Background: Multiple sclerosis (MS) is a chronic demyelinating disorder of the central nervous system that is classified as an immune-mediated inflammatory disease. In managed care, patients with MS can be managed through care coordination that engages an interprofessional approach to a comprehensive spectrum of preventive, medical, rehabilitative, cognitive, and long-term health care services. In addition, the management paradigm for MS is currently in a stage of rapid evolution, with a number of new agents, including more oral drugs, expected to become available in the near future. Pharmacy and therapeutic committees may soon be faced with evaluating a hierarchy of new scientific data to differentiate the safety and efficacy of these new agents. Decisions will need to be made regarding the utility of these potential new agents among existing therapies with longer-term safety and efficacy data available in the scientific literature. For those MS patients managed under Medicaid, formulary and medication management decisions may be further impacted by psychosocial, cultural, educational, attitudinal, and/or economic factors that may be unique to the Medicaid population. The need to maximize immediate and long-term resource utilization is usually an important consideration when managing a Medicaid population. There is also an increasing focus on quality measures and quality outcomes by the Centers for Medicare and Medicaid Services. Many managed care professionals can be involved in establishing quality measures and quality improvement processes to effectively appropriate and manage the resources required for Medicaid patients with MS. As a result, medication and medical management of this special population can involve a comprehensive approach by managed care professionals. For purposes of this article, the term "special populations" applies to patients with MS who are managed under Medicaid plans.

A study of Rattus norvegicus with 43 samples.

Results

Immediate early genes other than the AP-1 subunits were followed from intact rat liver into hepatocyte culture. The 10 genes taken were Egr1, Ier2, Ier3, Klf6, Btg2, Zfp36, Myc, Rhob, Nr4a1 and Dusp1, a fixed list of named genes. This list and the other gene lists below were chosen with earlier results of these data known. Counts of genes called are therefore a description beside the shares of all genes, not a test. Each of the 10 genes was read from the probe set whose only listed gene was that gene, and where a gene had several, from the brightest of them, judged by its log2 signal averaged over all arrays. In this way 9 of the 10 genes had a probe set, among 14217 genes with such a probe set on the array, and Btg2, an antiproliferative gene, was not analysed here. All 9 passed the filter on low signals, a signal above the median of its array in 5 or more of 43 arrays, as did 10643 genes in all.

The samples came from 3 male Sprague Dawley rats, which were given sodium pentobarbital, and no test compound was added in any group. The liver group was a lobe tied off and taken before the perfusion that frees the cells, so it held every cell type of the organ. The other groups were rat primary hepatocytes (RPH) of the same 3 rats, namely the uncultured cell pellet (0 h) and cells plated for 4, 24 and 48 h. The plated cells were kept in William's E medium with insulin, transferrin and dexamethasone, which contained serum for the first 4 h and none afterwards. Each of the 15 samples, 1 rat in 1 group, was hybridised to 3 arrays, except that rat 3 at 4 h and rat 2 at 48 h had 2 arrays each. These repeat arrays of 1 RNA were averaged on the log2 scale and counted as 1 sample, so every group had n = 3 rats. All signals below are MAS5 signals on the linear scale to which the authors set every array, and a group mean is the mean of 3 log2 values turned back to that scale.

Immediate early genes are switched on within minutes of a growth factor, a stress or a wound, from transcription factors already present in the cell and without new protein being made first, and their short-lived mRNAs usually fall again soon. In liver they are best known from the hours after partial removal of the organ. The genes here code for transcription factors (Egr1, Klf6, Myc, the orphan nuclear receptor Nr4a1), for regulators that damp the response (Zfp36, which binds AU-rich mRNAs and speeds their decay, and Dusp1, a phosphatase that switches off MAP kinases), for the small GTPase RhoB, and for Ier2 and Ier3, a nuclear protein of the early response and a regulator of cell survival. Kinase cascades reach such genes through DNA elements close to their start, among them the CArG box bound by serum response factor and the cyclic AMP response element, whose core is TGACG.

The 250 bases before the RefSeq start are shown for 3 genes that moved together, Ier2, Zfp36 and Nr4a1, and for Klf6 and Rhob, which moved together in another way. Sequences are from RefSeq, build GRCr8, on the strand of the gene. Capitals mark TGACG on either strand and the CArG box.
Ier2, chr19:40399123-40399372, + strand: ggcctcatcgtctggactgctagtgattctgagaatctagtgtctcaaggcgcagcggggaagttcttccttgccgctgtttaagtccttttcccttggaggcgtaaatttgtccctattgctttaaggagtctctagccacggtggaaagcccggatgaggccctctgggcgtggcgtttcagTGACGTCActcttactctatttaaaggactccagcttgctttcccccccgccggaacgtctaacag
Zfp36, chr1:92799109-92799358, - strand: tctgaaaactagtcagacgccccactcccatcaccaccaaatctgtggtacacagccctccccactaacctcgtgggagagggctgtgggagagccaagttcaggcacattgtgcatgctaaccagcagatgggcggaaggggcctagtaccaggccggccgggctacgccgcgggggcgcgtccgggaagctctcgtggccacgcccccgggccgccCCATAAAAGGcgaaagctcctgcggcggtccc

Objectives: To review (a) particular challenges managed care organizations (MCOs) encounter when managing special populations of Medicaid patients with MS, (b) recent efficacy and safety data for oral therapies for relapsing forms of MS, (c) costs of current MS therapies, and (d) potential strategies for managed care to improve care of their MS patient population and optimize clinical and economic outcomes.
Methods: Review of recent published literature, abstracts related to MS presented at major medical conferences, and recommendations from key organizations including the U.S. Department of Health and Human Services and the National Multiple Sclerosis Society.
Summary: The health economics of MS are a central issue for MCOs managing Medicaid patient populations. Additional challenges include the anticipated expansion of the marketplace to include several new oral agents and the lack of consensus guidelines for management of patients with MS. The benefit-risk profile of new agents will need to be considered in the context of established first-line parenteral drugs. Management of patients with MS should include an individualized approach for each patient as part of a shared decision-making process. In the overall management of special patient populations, case management and collaborative practice models in managed care may help to ensure that critical benchmarks are achieved.